Hundreds of thousands of NHS patients to be offered the chance to travel for treatment

Posted by: owen - Posted on:

Hundreds of thousands of NHS patients who have been waiting the longest for treatment will be offered the opportunity to travel to a different hospital, if it means they could be seen sooner.

From today, any patient who has been waiting longer than 40 weeks and does not have an appointment within the next eight weeks will be contacted by their hospital via letter, text, or email, as announced by the NHS and government earlier this year.

As part of the ambitious NHS elective recovery plan, offers will be sent to up to 400,000 eligible patients who will then be able to submit their details including how far they are willing to travel – 50 miles, 100 miles or nationally. NHS teams can then identify whether any alternative hospitals have capacity to see them sooner.

In some instances, the patient’s request will be uploaded to the NHS’ innovative hospital matching platform – the Digital Mutual Aid System – to see if NHS or independent sector providers elsewhere in the country can take on their care.

Despite significant pressure and ongoing industrial action, the NHS has continued to recover elective services with over 87,000 more people treated in August than the same month before the pandemic.

The progress is thanks to the hard work of NHS staff and thanks to innovations including surgical hubs, community diagnostic centres, and the use of robots and AI to speed up surgery and other treatments.

Amanda Pritchard, NHS chief executive said: “Despite pressure and the huge disruption caused by strikes, NHS staff have made great progress in reducing the longest waits for patients – this new step to offer NHS patients who have been waiting the longest the opportunity to consider travelling for treatment is just another example of how we are introducing new approaches to reduce how long patients wait, while improving the choice and control they have over their own care.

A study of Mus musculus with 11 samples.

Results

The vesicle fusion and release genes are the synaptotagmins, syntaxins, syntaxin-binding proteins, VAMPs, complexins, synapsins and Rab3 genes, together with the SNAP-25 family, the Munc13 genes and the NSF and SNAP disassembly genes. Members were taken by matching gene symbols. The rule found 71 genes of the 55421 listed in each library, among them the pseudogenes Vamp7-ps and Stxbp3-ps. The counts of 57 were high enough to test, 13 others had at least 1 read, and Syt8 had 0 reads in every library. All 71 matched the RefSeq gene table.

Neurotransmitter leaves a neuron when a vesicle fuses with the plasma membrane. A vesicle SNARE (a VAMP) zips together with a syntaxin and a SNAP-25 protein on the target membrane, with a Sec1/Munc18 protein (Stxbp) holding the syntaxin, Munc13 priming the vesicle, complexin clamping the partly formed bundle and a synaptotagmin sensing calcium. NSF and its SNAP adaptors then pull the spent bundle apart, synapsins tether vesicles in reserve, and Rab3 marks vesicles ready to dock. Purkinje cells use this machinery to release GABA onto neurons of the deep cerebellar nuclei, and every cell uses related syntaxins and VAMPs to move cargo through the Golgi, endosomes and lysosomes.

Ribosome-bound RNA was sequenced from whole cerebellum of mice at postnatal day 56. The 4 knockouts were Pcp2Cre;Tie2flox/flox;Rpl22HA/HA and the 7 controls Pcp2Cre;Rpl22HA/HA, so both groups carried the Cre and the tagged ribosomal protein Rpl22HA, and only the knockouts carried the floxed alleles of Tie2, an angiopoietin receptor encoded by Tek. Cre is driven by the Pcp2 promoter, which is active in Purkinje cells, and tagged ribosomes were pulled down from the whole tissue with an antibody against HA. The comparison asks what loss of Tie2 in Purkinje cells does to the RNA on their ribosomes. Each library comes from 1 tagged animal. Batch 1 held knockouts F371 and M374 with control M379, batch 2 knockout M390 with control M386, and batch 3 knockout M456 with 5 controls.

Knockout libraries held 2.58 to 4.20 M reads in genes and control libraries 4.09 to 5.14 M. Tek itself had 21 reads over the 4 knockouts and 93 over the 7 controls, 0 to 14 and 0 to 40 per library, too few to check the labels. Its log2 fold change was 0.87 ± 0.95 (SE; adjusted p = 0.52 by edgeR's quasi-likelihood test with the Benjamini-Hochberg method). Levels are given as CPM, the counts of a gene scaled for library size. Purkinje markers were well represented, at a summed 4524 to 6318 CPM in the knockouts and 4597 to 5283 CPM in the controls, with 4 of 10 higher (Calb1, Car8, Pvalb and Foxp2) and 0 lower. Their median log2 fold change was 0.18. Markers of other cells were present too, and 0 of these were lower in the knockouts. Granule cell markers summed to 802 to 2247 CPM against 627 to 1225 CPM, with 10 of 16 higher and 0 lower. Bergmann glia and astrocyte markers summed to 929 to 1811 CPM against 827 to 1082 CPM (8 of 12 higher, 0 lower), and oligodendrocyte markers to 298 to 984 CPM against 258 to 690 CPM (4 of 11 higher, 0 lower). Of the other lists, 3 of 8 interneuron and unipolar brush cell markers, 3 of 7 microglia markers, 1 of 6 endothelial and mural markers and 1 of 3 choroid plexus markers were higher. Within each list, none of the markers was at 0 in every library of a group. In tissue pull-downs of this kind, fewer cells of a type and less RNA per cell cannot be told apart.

“Giving this extra option to these patients also demonstrates the clear benefits of a single national health service, with staff able to share capacity right across the country.

“So, whether a patient’s care moves to the next town or somewhere further away, it is absolutely right that we make the most of available capacity across the country to continue to reduce the backlogs that have inevitably built up due to the pandemic and provide the best possible service for patients.”

Health and Social Care Secretary Steve Barclay said: “Empowering people to choose where and when they receive their treatment will help tackle waiting lists and improve access to NHS care.

“From today, those waiting 40 weeks or more will be given more options to speed up treatment, including at hospitals with shorter waiting times or using capacity within the independent sector.

“This is the next step in our plan build a health service around patients and follows on from the roll out of Community Diagnostic Centres, surgical hubs and virtual wards to unlock capacity in the NHS.”

It is estimated that approximately 400,000 patients (5% of the overall waiting list) meet the criteria and will be contacted by their hospital.

If no alternative hospital agreed with the patient is found within eight weeks of starting the process, the patient will remain with their current provider and keep their position on the waiting list. Some patients will not be eligible if their clinical condition is too complex, making it inappropriate to travel.

Eligible patients will be contacted directly by their NHS trust or independent sector provider and should not contact their GP practice or hospital.